A man was reported for the unlicensed use of a drone to capture images of the Tornado steam train during its visit to Walton earlier this year.

Thousands of people flocked to Walton on August 12 to catch a glimpse of the Peppercorn class A1 loco Tornado as it steamed into town to mark the 150th anniversary of Walton railway station.

Some keen trainspotters were criticised for straying on to the tracks in a bid to get a better view, causing delays and forcing trains to go at slower speeds.

A 28-year-old man, from Kirby Cross, was reported on October 1 for breaching the air navigation rules by using a drone without a licence.

Police said the man was flying the drone within 50 metres of other people and property out of their control.

The man was also selling the images he had taken in a shop, which is illegal if you are not certified and cleared by the Civil Aviation Authority to do so.

He was dealt with by means of an agreement contract with Essex Police and was given a community resolution.

Wendy Welsh, head of air operations at Network Rail said: “If a train collided with a drone, it could cause a serious accident.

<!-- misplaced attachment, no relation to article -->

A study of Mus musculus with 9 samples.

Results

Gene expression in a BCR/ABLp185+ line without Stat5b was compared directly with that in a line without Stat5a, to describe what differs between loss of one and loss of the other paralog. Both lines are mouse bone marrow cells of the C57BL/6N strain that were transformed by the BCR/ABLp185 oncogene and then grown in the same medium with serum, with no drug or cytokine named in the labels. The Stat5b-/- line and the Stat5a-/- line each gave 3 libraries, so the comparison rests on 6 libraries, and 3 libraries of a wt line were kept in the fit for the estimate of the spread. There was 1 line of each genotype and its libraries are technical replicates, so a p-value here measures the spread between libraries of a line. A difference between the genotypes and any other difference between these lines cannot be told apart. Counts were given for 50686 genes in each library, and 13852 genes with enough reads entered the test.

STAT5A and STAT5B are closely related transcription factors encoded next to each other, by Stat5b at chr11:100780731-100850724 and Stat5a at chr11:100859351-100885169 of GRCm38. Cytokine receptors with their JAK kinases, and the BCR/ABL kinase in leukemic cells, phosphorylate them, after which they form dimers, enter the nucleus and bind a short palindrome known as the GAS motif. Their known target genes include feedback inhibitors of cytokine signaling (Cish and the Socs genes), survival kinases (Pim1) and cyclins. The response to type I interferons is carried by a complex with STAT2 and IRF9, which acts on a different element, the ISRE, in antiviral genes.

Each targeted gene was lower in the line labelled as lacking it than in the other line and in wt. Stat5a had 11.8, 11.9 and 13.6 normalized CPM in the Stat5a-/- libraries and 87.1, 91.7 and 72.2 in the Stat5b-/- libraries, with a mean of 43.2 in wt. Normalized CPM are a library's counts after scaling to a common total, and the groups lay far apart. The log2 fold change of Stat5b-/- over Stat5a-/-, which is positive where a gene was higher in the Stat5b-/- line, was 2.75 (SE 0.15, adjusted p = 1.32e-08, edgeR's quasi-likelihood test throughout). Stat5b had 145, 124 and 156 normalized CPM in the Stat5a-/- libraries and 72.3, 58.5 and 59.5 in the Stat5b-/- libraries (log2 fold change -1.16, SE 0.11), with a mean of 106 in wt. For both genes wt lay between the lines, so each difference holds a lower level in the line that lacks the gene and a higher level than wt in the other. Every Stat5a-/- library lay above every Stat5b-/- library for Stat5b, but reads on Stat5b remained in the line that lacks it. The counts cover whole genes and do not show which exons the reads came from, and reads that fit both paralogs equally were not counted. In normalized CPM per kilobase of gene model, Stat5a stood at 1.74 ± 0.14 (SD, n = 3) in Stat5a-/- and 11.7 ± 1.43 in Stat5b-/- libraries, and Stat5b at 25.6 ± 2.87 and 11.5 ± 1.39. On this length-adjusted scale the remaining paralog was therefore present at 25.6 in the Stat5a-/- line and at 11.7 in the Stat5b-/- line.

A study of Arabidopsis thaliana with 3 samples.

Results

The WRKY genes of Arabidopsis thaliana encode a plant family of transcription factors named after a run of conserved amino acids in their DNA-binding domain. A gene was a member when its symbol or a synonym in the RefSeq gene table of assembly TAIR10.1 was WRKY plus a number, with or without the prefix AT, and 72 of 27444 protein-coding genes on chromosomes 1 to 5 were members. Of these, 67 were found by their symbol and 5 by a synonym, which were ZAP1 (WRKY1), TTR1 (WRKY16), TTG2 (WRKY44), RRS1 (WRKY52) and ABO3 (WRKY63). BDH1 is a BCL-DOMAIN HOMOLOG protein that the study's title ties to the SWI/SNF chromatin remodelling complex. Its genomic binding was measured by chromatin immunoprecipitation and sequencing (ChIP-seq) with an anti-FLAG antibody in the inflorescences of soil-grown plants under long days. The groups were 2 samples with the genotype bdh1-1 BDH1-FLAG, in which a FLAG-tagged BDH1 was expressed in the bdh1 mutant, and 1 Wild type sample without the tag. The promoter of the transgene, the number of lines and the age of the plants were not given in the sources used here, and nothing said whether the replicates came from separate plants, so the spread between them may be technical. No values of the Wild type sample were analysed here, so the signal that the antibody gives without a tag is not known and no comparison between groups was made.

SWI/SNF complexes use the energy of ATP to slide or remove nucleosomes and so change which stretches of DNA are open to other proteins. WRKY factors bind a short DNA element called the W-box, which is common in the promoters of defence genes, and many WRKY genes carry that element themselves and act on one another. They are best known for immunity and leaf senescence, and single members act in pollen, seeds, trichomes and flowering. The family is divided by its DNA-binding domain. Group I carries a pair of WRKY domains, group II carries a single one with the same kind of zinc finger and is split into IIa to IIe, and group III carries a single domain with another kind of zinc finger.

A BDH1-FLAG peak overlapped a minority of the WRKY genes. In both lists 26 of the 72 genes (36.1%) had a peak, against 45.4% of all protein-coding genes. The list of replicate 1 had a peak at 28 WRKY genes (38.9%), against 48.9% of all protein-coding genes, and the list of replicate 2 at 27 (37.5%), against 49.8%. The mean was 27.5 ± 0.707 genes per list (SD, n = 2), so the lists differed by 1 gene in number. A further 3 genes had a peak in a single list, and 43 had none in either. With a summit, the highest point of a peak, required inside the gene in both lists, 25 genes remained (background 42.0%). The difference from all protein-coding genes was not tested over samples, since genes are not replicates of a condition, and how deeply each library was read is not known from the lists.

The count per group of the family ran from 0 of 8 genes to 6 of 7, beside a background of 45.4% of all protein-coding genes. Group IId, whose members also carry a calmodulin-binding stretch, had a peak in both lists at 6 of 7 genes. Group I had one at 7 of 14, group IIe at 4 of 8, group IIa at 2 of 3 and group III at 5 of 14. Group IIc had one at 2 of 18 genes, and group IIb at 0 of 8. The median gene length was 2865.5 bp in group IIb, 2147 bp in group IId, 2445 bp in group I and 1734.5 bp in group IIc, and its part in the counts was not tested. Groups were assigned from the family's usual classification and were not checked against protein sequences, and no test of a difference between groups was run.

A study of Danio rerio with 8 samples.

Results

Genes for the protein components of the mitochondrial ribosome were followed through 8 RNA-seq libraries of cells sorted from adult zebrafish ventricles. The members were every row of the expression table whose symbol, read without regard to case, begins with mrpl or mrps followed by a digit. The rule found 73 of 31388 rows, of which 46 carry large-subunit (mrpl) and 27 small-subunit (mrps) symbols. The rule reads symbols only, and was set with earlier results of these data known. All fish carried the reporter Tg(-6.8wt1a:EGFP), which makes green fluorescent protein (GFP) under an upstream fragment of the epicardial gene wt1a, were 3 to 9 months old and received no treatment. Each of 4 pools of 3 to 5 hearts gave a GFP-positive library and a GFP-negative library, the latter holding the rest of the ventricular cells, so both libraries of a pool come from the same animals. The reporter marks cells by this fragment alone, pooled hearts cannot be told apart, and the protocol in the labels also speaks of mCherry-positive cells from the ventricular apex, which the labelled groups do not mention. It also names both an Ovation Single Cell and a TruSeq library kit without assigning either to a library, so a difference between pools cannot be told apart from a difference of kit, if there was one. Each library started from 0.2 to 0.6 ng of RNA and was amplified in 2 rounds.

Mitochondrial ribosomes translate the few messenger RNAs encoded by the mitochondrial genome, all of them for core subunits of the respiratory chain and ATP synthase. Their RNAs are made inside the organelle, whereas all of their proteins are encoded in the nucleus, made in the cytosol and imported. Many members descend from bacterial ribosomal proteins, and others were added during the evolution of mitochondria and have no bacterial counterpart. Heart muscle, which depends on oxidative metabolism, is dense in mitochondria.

“A drone could fly into and damage vital equipment – such as overhead wires or pylons – costing thousands to repair and causing hours of train delays.

“Only our team of highly-trained authorised pilots and specialist approved contractors are permitted to fly drones near the railway.

“It’s just too dangerous for anyone else to fly a drone near the railway.”

Anyone who does fly a drone near a railway could be fined up to £2,500.

PC Paul Lindup, investigating officer, said: “This is the first drone incident Essex Police has dealt with and we along with the British Transport Police are clamping down on illegal use of drones and will be prosecuting more infringements.

“The British Transport Police carried out a similar process on September 28 with a second operator reported to court.”

Anyone who witnesses the dangerous use of a drone is asked to call 101 or email drones@essex.pnn.police.uk.